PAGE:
Scourge of the High Street? How a simple online book seller transformed itself into global e-commerce and tech giant
The no profits strategy of Bezos was proved right and he had his revenge on Walmart when in 2015 Amazon surpassed Walmart as the most valuable retailer in the United States by market capitalisation.
And Amazon has signalled its intention to move out of its online domain and into the ‘bricks and mortar’ market (or High Street in UK speak) in a further challenge to other retailers.
The company is also currently in the process of acquiring Whole Foods Market for $13.4 billion (£10.3bn) in a move that will greatly increase its presence as a physical retailer, and also serve up a chilling challenge to well established High Street supermarkets.
There is little doubt that Amazon’s Bezos should be regarded as one of the tech industry’s unsung innovators. After all, under his control, Amazon has pioneered the use of delivery drones and even a giant floating ‘airship warehouse’.
Earlier this year Bezos sold 1 million shares worth a staggering $940.74 million (£727m) in order to fund his Blue Origin space exploration firm. Blue Origin it should be remembered aims to send tourists on brief flights into suborbital space where they can experience weightlessness and gain a view of the Earth.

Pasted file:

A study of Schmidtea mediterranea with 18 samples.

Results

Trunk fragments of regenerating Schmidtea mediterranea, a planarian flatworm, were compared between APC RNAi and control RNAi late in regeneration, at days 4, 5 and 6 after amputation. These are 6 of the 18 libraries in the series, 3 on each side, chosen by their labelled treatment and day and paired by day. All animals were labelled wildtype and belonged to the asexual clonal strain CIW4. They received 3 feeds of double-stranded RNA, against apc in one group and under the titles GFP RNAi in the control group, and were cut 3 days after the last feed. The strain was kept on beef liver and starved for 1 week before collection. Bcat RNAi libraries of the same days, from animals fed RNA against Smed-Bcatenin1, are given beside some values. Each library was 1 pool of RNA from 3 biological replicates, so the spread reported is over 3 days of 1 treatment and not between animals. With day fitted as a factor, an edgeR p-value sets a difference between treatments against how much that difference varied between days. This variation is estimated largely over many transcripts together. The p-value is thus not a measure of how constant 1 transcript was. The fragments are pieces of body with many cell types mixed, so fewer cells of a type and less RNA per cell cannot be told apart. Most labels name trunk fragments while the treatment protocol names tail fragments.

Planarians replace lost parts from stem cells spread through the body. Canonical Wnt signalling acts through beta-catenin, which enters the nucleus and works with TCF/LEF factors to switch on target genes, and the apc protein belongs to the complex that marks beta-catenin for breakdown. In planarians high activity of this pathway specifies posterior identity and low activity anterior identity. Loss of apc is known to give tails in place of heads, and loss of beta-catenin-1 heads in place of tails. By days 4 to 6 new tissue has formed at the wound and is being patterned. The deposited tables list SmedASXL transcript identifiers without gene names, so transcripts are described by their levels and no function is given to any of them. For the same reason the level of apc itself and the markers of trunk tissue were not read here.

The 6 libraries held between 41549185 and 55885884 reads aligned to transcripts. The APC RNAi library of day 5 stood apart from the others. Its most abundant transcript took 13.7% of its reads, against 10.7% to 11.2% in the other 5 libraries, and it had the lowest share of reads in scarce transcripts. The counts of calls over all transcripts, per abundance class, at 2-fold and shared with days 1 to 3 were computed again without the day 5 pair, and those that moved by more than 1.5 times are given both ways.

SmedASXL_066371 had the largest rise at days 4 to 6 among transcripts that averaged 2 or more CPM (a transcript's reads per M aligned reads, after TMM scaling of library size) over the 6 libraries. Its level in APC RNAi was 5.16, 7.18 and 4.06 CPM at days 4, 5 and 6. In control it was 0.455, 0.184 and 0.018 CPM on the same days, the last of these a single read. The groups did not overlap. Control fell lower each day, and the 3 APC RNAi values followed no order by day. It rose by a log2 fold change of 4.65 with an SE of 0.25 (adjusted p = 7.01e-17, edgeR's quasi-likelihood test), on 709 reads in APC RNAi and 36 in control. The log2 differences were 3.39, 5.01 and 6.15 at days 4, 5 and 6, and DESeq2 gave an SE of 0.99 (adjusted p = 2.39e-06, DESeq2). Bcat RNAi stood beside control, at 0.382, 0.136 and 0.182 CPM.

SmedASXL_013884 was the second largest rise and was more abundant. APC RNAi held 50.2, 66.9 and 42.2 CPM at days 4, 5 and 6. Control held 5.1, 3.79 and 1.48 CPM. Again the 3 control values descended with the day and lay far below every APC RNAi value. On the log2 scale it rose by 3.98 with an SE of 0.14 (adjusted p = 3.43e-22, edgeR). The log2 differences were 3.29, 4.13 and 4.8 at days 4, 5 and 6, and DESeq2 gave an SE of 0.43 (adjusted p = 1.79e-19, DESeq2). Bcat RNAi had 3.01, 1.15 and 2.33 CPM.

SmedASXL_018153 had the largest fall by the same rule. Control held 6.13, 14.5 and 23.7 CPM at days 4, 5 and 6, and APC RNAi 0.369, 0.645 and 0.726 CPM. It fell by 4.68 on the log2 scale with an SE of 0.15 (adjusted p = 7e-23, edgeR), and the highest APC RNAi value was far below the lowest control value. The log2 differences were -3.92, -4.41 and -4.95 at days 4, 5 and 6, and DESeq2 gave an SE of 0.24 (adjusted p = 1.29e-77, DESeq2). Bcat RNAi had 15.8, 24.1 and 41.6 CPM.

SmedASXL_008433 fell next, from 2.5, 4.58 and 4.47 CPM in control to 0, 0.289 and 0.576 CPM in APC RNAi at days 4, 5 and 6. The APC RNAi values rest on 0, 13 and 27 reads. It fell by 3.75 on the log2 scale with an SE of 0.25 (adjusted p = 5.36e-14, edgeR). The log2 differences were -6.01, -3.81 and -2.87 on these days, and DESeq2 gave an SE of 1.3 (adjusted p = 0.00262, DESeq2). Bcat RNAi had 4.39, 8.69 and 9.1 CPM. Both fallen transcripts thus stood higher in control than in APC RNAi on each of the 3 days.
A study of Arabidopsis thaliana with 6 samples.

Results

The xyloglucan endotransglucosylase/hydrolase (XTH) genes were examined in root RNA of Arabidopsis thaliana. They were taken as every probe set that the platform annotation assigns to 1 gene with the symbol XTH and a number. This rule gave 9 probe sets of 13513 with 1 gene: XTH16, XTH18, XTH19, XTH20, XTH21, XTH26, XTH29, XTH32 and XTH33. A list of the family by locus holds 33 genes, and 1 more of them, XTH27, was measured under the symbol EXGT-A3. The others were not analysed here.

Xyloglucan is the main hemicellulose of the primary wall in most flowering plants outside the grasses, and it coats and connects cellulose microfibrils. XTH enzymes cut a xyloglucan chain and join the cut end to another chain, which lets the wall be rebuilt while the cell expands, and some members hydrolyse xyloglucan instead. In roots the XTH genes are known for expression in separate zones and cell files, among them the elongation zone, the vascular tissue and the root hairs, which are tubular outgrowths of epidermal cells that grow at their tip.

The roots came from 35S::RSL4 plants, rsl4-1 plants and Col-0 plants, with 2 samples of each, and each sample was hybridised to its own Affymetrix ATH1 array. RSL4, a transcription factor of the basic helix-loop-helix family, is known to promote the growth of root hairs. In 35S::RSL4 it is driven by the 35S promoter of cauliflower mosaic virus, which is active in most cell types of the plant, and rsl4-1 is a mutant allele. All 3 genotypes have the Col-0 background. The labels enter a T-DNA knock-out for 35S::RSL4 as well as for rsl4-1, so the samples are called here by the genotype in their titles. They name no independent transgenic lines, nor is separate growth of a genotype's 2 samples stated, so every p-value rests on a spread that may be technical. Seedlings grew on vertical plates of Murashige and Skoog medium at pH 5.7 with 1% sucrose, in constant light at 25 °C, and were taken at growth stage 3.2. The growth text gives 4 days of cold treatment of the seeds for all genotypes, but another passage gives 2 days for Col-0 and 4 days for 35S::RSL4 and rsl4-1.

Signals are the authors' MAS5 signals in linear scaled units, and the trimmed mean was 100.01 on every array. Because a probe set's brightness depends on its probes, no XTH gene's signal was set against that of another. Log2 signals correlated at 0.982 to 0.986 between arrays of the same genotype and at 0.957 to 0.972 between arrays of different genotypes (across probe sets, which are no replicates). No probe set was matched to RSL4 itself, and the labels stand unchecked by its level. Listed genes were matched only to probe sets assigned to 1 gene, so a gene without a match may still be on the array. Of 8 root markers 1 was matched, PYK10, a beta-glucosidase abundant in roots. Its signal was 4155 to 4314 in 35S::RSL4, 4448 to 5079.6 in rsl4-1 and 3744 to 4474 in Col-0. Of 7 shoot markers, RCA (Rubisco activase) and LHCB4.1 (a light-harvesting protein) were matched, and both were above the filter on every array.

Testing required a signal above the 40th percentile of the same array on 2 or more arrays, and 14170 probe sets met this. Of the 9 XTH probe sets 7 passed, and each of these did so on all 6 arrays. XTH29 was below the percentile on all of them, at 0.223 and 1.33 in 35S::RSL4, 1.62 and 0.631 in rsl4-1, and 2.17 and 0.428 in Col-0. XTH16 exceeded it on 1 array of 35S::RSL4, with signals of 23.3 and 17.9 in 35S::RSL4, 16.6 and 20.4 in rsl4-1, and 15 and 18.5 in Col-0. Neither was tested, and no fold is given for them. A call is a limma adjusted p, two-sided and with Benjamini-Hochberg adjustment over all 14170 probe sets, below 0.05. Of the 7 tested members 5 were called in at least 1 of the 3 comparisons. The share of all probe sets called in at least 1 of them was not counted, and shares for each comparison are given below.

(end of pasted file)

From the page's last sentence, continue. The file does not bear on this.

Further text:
And Bezos continues to use his vast fortune in other areas as well.
In 2013 for example he purchased the Washington Post newspaper, and he has also made previous investments in projects such as a 10,000-year clock and the recovery of Apollo moon-mission booster rockets from the ocean floor.
But it is perhaps Amazon Web Services (AWS) that is the crowning achievement of Bezos, and the firm is also the world’s largest provider of cloud infrastructure services (IaaS and PaaS). Not bad for a platform which was intended to support Amazon’s own retail ambitions with the intention of selling excess capacity on the side.
That is not to say things have always gone the way of Bezos over the years.
His smartphone adventure tanked, and Amazon itself has been criticised in the past over a number of issues, including poor working conditions in its warehouses, the level of taxes it pays, and its ranking of sellers to name but a few.
But there is little doubt that Amazon is a mighty tech player, and its rivals tend to keep at least one eye permanently fixed on it.
Not bad for a firm that once began life in a garage in Seattle.